By Clint Thompson
The U.S. Trade Representative’s (USTR) pledge of assistance to specialty crop producers was needed for growers suffering from increased imports from Mexico.
Even if ambassador Katherine Tai opted not to follow through on a Section 301 petition to assist the Southeast seasonal produce industry, she pledged to work with the U.S. Department of Agriculture to establish an advisory panel to recommend measures to promote the competitiveness of producers of seasonal and perishable produce in the Southeast.
The commitment from the USTR was appreciated said Chris Butts, executive vice president of the Georgia Fruit and Vegetable Growers Association.
“Like everybody else, we were disappointed in the lack of determination to move forward with a 301, but we are enthused by the fact that they are establishing a panel, and if you look at their statement, they’re willing to work with the USDA and Congressional leaders to address the issue,” Butts said. “From a Georgia standpoint, we’re going to pursue any options that bring more awareness of this issue and the problem and can start leading us to some sort of a remedy. Whether that be through the USTR or we look at crop insurance programs and most importantly for us, our No. 1 priority is the Ruiz-Scott concept and some sort of price-loss coverage.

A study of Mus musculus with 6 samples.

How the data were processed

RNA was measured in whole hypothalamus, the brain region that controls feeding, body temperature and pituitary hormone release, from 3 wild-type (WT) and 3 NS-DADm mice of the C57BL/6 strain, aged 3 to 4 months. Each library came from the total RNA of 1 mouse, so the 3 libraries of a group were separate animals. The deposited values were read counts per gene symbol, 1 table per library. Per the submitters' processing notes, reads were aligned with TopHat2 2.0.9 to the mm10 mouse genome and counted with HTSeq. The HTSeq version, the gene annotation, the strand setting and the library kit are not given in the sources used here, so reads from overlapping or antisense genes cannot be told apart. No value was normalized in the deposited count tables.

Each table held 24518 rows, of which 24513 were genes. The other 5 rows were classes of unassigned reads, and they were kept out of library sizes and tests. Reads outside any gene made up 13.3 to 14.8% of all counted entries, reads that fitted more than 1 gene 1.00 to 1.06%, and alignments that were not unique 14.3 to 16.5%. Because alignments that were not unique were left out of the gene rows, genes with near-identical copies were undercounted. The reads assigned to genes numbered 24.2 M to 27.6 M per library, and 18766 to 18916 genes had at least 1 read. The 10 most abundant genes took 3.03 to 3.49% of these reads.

“When those imports drop prices down so low that they’re at or below our cost of production, if we want to continue to produce fresh fruits and vegetables in the Southeast, we’ve got to do something to level that playing field. We’ll look at any option that comes along, but we are enthused that USTR didn’t say no entirely. They’re committed to working with us going forward. We’ll engage with that however we can.”
According to a previous SCI story, the Section 301 petition, which was filed on Sept. 8, 2022, by members of Florida’s Congressional delegation, alleged that the Government of Mexico has adopted an “export targeting” scheme aimed at Florida produce. The 301 statute requires that USTR make a decision on whether to move forward with an investigation within 45 days. The statute also includes a private-sector advisory panel as a specific response to export targeting.
Although USTR could not conclude in the 45-day statutory period that a formal 301 investigation would be effective and is not opening an investigation at this time, USTR is moving forward with an advisory panel.